COMPOST IS COMMON SENSE
1. DECREASE LANDFILL WASTE
Food is the number one material sent to landfills. We throw out 40% of our food each year and it’s not just food we are throwing away - it's also the water, energy, hard work and natural resources used to grow food that we are essentially putting in the trash.
2. CUT DOWN ON AIR POLLUTION
Food scraps in a landfill get trapped under other garbage and have little or no access to oxygen so that when they break down, the greenhouse gas methane is released. Methane traps between 20 to 80 times more heat in our atmosphere than carbon dioxide. In large quantities, methane emissions can interfere with the atmosphere’s ability to self-regulate and maintain the temperatures that sustain life as we know it.
3. REPLACE ERODING TOPSOIL
Our entire civilization is based on a layer of topsoil only inches thick. Topsoil is the upper, outermost layer of our soil. It is filled with microorganisms and organic content, providing all the nutrients for most of our plants. Topsoil is eroding at a rate of 5/100 of an inch per year. Doesn’t sound like a lot? On average, the planet is covered by only 3 feet of topsoil and in many areas it is only between 2 and 8 inches thick. At current erosion rates, some say that topsoil will be completely gone from many of our growing fields in the next 60 years.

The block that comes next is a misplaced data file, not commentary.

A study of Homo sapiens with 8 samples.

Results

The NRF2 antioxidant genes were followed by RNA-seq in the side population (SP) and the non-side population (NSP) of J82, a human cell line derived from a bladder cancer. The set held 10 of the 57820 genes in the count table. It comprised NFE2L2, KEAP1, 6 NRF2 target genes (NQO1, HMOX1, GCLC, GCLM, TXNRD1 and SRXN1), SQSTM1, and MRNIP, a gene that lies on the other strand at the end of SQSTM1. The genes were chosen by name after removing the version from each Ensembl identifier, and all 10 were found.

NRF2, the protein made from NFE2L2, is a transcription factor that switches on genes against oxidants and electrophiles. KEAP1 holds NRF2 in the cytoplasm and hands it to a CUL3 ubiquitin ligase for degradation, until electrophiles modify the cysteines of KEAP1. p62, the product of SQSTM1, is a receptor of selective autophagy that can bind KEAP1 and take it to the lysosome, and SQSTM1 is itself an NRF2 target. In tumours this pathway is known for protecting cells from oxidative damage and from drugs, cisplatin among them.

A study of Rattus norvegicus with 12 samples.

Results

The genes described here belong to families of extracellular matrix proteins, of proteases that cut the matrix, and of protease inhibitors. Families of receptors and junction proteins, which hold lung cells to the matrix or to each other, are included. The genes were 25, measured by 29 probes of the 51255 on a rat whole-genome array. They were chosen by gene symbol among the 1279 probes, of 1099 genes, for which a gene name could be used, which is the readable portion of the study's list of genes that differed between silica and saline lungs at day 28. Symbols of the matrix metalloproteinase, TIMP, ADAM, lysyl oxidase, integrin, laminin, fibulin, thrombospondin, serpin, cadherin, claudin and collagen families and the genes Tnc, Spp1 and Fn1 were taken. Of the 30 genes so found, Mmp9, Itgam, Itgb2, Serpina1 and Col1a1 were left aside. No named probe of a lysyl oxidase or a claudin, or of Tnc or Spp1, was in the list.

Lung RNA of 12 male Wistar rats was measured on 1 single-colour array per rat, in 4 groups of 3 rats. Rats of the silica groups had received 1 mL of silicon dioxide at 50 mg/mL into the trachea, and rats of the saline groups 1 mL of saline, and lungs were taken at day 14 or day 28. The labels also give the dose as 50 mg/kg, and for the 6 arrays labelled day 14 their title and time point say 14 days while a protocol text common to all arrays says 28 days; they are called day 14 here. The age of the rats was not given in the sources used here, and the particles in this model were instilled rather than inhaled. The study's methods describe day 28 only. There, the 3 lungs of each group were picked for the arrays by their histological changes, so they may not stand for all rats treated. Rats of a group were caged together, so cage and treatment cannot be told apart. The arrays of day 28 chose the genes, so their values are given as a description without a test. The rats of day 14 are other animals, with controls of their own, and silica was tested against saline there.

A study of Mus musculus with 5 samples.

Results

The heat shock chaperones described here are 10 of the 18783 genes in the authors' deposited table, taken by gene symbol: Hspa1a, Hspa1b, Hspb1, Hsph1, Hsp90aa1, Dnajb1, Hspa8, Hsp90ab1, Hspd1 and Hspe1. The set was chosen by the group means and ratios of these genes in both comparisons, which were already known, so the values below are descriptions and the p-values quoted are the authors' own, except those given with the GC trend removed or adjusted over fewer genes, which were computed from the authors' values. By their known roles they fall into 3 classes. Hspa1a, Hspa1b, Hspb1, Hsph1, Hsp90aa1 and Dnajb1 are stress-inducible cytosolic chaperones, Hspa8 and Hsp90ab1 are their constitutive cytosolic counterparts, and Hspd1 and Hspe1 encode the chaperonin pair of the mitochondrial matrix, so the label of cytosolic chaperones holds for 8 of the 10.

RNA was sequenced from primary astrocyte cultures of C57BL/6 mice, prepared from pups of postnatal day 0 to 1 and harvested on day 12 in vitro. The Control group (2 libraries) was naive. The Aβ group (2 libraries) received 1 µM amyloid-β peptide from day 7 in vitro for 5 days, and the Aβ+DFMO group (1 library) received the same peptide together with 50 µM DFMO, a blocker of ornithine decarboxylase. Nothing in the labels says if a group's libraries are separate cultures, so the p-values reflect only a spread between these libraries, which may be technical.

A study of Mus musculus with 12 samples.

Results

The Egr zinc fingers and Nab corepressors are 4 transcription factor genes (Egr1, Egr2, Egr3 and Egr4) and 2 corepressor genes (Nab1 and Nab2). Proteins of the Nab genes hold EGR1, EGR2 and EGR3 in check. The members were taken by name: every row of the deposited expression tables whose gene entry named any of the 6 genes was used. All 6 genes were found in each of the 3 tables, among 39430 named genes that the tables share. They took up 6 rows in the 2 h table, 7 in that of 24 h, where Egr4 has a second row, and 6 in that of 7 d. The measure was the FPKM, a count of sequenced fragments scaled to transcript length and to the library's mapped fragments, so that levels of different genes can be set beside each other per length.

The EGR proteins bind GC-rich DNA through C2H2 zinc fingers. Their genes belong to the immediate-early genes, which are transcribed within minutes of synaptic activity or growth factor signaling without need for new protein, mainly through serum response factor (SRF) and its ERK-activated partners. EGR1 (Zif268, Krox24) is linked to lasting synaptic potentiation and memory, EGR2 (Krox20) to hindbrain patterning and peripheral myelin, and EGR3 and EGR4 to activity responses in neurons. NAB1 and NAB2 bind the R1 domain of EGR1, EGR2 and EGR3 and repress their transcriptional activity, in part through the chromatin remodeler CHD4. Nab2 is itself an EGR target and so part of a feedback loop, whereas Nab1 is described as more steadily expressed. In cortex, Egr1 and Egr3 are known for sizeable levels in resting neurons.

4. DECREASE WATER POLLUTION
Compost decreases the pollution of our drinking water supply by reducing the need for excess fertilizer which can leach into groundwater or drain off agricultural fields, contaminating our rivers and oceans. Compost slowly releases its store of nutrients so they are consistently available as plants need them throughout the growing cycle. Most chemical applications fertilize in one giant flush and must be applied over and over again in greater and greater concentrations.
5. CONSERVE SCARCE WATER RESOURCES
Organic matter in compost increases the water-holding capacity of soil so that plants require less watering.